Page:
NASA time-lapse shows just how fast the Arctic sea ice is vanishing


It’s not just that the ice is vanishing in the Arctic sea, the oldest and thickest ice has also continued to melt away, leaving the Arctic sea cap more vulnerable to the continued rise in temperature – both in our oceans and the atmosphere.

“Ice age is a good analog for ice thickness because basically, as ice gets older it gets thicker, This is due to the ice generally growing more in the winter than it melts in the summer.” – Walt Meier, sea ice researcher at NASA’s Goddard Space Flight Center

Arctic Sea Ice Is Vanishing

The time-lapse from NASA below, shows the annual change in the arctic sea ice age since January 1, 1984. It’s chilling to see how much of the artic sea cap has vanished in the last three decades.

 

Video Credit: NASA’s Scientific Visualization Studio/Cindy Starr

“What we’ve seen over the years is that the older ice is disappearing, This older, thicker ice is like the bulwark of sea ice: a warm summer will melt all the young, thin ice away but it can’t completely get rid of the older ice. But this older ice is becoming weaker because there’s less of it and the remaining old ice is more broken up and thinner, so that bulwark is not as good as it used to be.” – Walt Meier, sea ice researcher at NASA’s Goddard Space Flight Center.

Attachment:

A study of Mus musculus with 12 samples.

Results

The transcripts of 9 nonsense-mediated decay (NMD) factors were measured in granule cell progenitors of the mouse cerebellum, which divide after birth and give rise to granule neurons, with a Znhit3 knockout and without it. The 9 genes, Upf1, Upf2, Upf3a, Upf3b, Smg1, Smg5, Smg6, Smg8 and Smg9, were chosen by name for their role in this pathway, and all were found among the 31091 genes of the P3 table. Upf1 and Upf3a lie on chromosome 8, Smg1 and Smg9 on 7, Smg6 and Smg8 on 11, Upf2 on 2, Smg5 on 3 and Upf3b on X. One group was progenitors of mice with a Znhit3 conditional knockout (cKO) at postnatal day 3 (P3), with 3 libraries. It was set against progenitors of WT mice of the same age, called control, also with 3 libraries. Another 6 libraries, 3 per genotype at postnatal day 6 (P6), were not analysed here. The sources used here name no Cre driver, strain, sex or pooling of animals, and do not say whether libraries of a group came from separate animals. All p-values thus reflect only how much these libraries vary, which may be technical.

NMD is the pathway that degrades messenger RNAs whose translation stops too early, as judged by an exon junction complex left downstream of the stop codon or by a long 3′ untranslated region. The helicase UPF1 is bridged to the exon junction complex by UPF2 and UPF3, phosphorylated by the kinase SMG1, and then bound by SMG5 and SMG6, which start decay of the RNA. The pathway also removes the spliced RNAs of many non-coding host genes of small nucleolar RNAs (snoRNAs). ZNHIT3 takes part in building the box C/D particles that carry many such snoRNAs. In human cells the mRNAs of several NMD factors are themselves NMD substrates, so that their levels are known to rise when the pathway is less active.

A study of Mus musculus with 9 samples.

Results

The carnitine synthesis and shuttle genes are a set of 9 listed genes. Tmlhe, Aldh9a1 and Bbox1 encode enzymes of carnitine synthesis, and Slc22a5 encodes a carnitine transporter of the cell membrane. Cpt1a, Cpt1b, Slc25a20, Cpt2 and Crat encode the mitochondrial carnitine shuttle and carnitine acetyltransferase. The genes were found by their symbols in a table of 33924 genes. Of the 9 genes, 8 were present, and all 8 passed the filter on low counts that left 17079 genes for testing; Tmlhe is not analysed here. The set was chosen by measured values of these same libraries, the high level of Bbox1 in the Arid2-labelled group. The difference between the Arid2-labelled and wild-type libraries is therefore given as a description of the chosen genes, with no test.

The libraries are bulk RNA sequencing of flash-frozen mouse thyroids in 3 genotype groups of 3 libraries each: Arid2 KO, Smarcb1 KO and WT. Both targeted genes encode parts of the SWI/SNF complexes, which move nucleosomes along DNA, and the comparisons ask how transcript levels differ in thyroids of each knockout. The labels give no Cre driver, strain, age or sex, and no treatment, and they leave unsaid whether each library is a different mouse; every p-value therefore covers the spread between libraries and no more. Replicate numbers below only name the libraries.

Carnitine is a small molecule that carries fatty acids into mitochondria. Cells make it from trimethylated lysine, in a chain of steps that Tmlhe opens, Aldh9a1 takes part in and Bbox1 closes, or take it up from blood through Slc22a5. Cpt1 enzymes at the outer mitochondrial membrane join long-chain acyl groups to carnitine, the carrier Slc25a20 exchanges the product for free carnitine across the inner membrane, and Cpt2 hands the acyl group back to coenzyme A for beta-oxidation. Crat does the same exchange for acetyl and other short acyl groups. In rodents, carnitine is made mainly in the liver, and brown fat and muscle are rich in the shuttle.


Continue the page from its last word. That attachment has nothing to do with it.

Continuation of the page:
The video below is a slightly longer version of the time-lapse with much more detailed explanations.

Video Credit: NASA’s Scientific Visualization Studio/Cindy Starr

For more information, check out the article written by the NASA Science team (link).

SOURCENasa

I am one of those passionate “Geo-geeks” and “Geo-people” who is just too excited about everything Geo and Management. Location information and spatial technologies are just too big to take a back seat and watch them revolutionize the world. Always curious and looking for ways to innovate, I guess that it comes naturally by the gene pool I inherited from an engineer Mom and a researcher Dad.